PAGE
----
U.S. Senator Marco Rubio (R-FL) addresses delegates as he introduces Republican presidential nominee Mitt Romney during the final session of the Republican National Convention in Tampa, Florida, August 30, 2012. (Photo : Reuters)
Now that the 2012 presidential election is over, we can speculate about the 2016 election. Who will run in four years?
Barack Obama cannot run again, and the Republicans have suffered two serious defeats in a row, so look for the Republicans to try a new tactic in the next four years.
The midterm elections in 2014 should give some clues as to the new direction of the Republican party. Will they try to embrace minorities and women? Or will they double-down on conservative talking points?
For now, let's look at the most likely candidates in 2016.
The Republican field is wide, but whomever is nominated will have a difficult time getting through the primaries, which favor hard-right candidates, in a condition still palatable to the rest of the country.
Defeated vice-presidential candidate Paul Ryan wouldn't have that problem, as he's already far-right on most issues, though that didn't serve him well this time around.
He could take a swing at the race, but failed VP candidates don't do too well in national elections. Sarah Palin tried to turn her newfound stardom into political legs, but she bailed on Alaska too soon and has settled for being a second-tier celebrity pundit.
Ryan won his House seat, so he'll still be in office for a while, and that might give him a chance to rebuild credibility, especially if the Republicans decide to move farther to the right rather than becoming a more moderate party.
If the Republicans do moderate their tone, New Jersey Governor Chris Christie would be the obvious choice.
He won accolades from Democrats when he toured the devastation wrought by Hurricane Sandy. He's one of the few Republicans in the national spotlight who tries to work across the aisle on occasion, so he might be an easy sell for independents and moderate Democrats, especially those who still bear a grudge against the Clintons.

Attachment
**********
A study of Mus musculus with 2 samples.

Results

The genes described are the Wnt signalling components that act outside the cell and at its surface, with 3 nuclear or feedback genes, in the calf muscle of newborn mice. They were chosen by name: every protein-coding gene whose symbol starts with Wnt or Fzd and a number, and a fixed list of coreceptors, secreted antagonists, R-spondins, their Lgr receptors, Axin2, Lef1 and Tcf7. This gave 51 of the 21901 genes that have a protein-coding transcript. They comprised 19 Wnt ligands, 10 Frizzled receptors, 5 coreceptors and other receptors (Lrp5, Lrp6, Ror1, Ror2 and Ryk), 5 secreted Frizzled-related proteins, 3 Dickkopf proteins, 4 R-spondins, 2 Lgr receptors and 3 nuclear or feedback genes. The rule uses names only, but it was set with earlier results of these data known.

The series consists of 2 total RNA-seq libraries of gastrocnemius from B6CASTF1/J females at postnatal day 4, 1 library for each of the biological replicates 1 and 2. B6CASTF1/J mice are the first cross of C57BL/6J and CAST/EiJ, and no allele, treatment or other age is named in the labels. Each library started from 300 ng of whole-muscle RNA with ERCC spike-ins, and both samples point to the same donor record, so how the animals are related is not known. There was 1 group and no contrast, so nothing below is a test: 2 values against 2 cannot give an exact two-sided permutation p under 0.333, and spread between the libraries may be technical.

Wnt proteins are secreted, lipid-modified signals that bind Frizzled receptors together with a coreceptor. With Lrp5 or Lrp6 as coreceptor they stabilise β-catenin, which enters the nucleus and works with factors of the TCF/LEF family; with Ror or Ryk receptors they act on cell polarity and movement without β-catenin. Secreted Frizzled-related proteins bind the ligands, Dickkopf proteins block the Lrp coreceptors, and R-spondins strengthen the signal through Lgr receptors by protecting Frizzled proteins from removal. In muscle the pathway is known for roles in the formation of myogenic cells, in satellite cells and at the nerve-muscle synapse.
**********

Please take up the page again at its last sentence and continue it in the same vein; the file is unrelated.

And it would put New Jersey's 14 electoral votes in play, and perhaps move nearby swing states like Pennsylvania.
But party loyalists tried to convince him to run this year, and he refused, so he may not be interested come 2016.
Republicans might split the difference between Ryan and Christie with Marco Rubio, the popular Cuban-American senator from Florida who introduced Romney at the Republican National Convention in August.
Rubio lost the VP nomination to Ryan, but perhaps the Republicans are rethinking their decision, since the Latino vote in Florida, Colorado and Nevada was crucial to Obama's victories in those states.
Rubio embraces all of the usual Republican policies on abortion and the economy, but differs on immigration reform. But the Republican stance on immigration was more moderate under George W. Bush, when they held the presidency for eight years, so moving back to the middle on that issue could be a winning strategy.
And it would give the Republicans a first to offer the public: the first Hispanic president.
Rubio will be running for reelection in the Senate in 2016, so maybe adding a presidential campaign on top of that isn't so implausible.
The most popular choice for the Democrats in 2016 would be Secretary of State Hillary Clinton, a former senator and first lady, who came a narrow second to Obama in a bid for the Democratic nomination. She has very heavy support on both sides of the aisle, and she has been acclaimed by both Democrats and Republicans in her role as America's foremost ambassador.
She also has the support of her husband, former President Bill Clinton, who has become a celebrity among Democrats.
Clinton would also continue the streak of historic firsts for the Democrats, following the first African-American president with the first female president.
But Clinton is still circumspect on whether she'll run.
If not, the traditional choice for the Democrats would be Vice President Joe Biden, who ran for president in 2008 before dropping out of the race and joining the Obama ticket.
Biden is well-liked by the public, and is generally regarded as an honest and relatable politician. But often he isn't taken seriously. Jokes about him are rampant in the media, and he's notorious for speaking off-the-cuff.
While these candid moments sometimes serve him well, like the time he came out in favor of same-sex marriage, prompting the president to officially follow suit, often they serve to cement his reputation as a wild card better suited for a secondary role.
If Hillary Clinton wants the nomination in 2016, it's likely hers. If not, Joe Biden has an excellent chance of securing it, though I'm skeptical of his appeal at the top of a ticket.